Stages in an equality planning process


1. Formation of a working group

It is worth setting up a separate work group to draw up the non-discrimination plan. The group should contain representatives of the staff, management and groups at risk of discrimination. First on the agenda would be for the group to discuss why the plan is being produced what benefit it will have how it relates to the work of the organisation whether the group contains all the essential elements what sort of resources are at the group’s disposal (working hours, staff)

2. Participation

To encourage participation, the organisation should announce that the plan is being drafted and that the consultation procedure is under way as early on as possible. Information makes it easier to collect data and encourages staff to take part in the plan’s production and implementation. It is also worth considering how to inform people when the plan is ready. The following need to be kept informed:

  • staff
  • clients
  • other major stakeholders

3. Assessment of the equality situation

The drawing up of the actual plan starts by making a survey of the situation, where the organisation’s work and operating environment are assessed from the perspective of equality. A key issue to look at here is how equal the approaches to its various functions are from the point of view of different groups. The assessment can be based on several data collection methods and sources, such as:

  • looking at how existing strategies, guidelines and policies take account
  • of issues of equality and non-discrimination
  • statistics and data on the operating environment and clients
  • statistics and data on staff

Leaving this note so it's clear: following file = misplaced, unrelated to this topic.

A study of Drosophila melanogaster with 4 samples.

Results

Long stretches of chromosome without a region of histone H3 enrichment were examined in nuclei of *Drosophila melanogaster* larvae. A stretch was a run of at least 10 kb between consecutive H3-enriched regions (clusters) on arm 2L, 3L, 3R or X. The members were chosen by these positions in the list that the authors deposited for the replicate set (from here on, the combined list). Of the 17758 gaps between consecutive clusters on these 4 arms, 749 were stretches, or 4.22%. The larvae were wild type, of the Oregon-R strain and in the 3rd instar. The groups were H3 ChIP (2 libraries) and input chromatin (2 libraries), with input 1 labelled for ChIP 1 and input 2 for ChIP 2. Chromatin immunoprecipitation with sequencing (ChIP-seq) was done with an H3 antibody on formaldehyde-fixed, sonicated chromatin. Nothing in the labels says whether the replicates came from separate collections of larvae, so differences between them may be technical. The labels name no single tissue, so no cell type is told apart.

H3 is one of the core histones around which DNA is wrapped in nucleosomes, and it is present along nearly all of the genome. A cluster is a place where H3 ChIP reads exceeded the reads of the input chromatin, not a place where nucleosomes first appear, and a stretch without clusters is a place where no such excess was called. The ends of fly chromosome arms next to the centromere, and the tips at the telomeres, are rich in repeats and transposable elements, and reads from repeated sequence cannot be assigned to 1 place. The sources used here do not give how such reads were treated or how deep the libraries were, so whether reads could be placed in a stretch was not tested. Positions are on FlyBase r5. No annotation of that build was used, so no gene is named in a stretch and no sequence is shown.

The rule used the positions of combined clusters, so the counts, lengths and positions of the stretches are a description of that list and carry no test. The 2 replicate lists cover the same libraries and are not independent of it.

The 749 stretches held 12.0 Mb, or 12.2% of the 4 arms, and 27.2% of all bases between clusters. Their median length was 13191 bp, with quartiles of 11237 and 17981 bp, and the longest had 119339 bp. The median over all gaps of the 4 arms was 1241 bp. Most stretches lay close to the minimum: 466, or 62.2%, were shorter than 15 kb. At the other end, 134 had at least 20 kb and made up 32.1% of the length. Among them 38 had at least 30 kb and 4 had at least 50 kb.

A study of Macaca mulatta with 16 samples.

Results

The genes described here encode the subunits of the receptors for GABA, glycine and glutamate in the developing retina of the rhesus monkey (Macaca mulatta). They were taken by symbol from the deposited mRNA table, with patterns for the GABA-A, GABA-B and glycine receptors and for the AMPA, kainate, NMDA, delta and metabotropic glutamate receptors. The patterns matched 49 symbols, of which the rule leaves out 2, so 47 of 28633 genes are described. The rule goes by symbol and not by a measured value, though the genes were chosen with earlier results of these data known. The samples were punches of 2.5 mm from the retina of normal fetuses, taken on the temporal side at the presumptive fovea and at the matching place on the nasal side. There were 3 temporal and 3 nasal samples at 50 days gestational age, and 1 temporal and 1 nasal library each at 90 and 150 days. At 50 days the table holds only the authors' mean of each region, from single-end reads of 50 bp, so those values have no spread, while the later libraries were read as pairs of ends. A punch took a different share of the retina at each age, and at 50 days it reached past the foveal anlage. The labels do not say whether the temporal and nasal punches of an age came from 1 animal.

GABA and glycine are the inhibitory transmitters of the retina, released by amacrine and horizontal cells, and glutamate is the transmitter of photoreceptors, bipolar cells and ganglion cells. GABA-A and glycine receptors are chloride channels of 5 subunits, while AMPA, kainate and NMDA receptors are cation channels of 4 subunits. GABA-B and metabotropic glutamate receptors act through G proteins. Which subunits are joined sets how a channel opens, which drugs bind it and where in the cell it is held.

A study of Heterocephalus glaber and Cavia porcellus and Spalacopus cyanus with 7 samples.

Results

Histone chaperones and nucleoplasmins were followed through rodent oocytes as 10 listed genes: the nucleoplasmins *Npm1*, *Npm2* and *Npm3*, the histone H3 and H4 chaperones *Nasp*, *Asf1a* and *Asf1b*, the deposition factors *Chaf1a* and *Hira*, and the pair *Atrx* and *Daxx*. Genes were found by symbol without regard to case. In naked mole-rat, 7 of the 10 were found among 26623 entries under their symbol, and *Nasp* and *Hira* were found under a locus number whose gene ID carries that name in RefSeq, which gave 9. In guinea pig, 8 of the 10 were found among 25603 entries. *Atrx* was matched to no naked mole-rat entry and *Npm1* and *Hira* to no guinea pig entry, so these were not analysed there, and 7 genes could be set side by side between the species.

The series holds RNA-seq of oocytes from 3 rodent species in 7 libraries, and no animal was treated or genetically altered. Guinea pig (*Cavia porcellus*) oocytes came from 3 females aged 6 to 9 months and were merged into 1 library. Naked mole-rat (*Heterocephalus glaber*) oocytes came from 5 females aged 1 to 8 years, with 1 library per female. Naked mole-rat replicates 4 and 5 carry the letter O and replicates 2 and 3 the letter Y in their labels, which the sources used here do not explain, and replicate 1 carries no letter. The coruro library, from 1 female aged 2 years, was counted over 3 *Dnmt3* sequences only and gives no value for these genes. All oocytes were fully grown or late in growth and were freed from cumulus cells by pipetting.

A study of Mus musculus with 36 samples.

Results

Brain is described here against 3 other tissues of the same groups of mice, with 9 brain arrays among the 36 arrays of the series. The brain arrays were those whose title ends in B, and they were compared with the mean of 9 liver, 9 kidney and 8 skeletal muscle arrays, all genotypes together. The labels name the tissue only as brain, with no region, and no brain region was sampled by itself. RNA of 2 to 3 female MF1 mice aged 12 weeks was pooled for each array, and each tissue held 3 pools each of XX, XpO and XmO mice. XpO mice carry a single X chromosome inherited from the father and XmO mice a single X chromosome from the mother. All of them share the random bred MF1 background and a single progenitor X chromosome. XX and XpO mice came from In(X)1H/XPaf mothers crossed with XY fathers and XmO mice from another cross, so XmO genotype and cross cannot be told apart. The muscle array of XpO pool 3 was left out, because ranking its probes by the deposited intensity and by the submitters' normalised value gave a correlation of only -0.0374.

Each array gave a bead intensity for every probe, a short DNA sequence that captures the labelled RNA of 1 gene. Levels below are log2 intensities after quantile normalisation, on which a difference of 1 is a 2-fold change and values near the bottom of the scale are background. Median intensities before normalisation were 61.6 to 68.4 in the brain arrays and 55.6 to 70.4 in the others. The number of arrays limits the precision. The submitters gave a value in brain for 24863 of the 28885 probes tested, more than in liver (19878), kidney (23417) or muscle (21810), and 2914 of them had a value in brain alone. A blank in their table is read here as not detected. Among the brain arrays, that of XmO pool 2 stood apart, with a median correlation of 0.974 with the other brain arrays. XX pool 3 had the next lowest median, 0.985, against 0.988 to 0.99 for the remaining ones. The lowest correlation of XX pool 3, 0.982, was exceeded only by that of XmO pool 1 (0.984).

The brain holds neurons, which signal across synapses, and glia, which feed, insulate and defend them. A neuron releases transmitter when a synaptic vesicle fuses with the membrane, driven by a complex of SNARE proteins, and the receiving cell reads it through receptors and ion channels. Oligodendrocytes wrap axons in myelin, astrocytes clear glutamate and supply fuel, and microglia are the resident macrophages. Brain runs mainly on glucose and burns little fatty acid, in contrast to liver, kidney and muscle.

• indicators and other performance management data describing the
  • quality of the operation
  • client feedback
  • complaints received
  • non-discrimination surveys for staff and clients
  • consultation with different groups
  • other separate studies, such as accessibility surveys, the monitoring of the drafting of statutes, etc.

The survey should make use of any gender equality plan in place as well as existing questionnaires. It is worth considering the limitations to the collection of data when a survey of the situation is being made. How and what sort of data is it possible to obtain from different groups and where is the borderline between data collection and the protection of privacy?

4. Targeting of measures

Tangible measures should be included in the equality plan to develop issues that arose in the survey of the situation. When measures are being developed it is important to decide:

  • what the aim of the measure is
  • who will be responsible for it and how it will be financed
  • what its timetable for implementation is
  • how the impact of the measures will be assessed


5. Writing and adopting the plan

A description of the planning process, the methods used in surveying the situation and the measures for development selected are assembled in the form of an equality plan, a strategic document for the promotion of equality. The plan is considered and discussed, edited and adopted in its final version as part of the organisation’s normal decision-making procedure. 


6. Communication and implementation

The measures in the equality plan are implemented and communicated according to the agreed timetable.

7. Follow-up

The impact of measures should be monitored at regular intervals. Responsibility for this can be that of an existing follow-up group or one set up specifically for the purpose. Monitoring might take the following forms:

  • quality assurance procedures
  • using other indicators and impact assessment methods
  • questionnaires/surveys
  • other feedback mechanisms

Both the situation with respect to non-discrimination and the implementation of the plan should be monitored.

8. Updates

A good plan is temporary by nature. When the time comes, it will need to be updated in order to improve its effectiveness. Updates are made with reference to the monitoring of the plan’s implementation and of the situation regarding equality.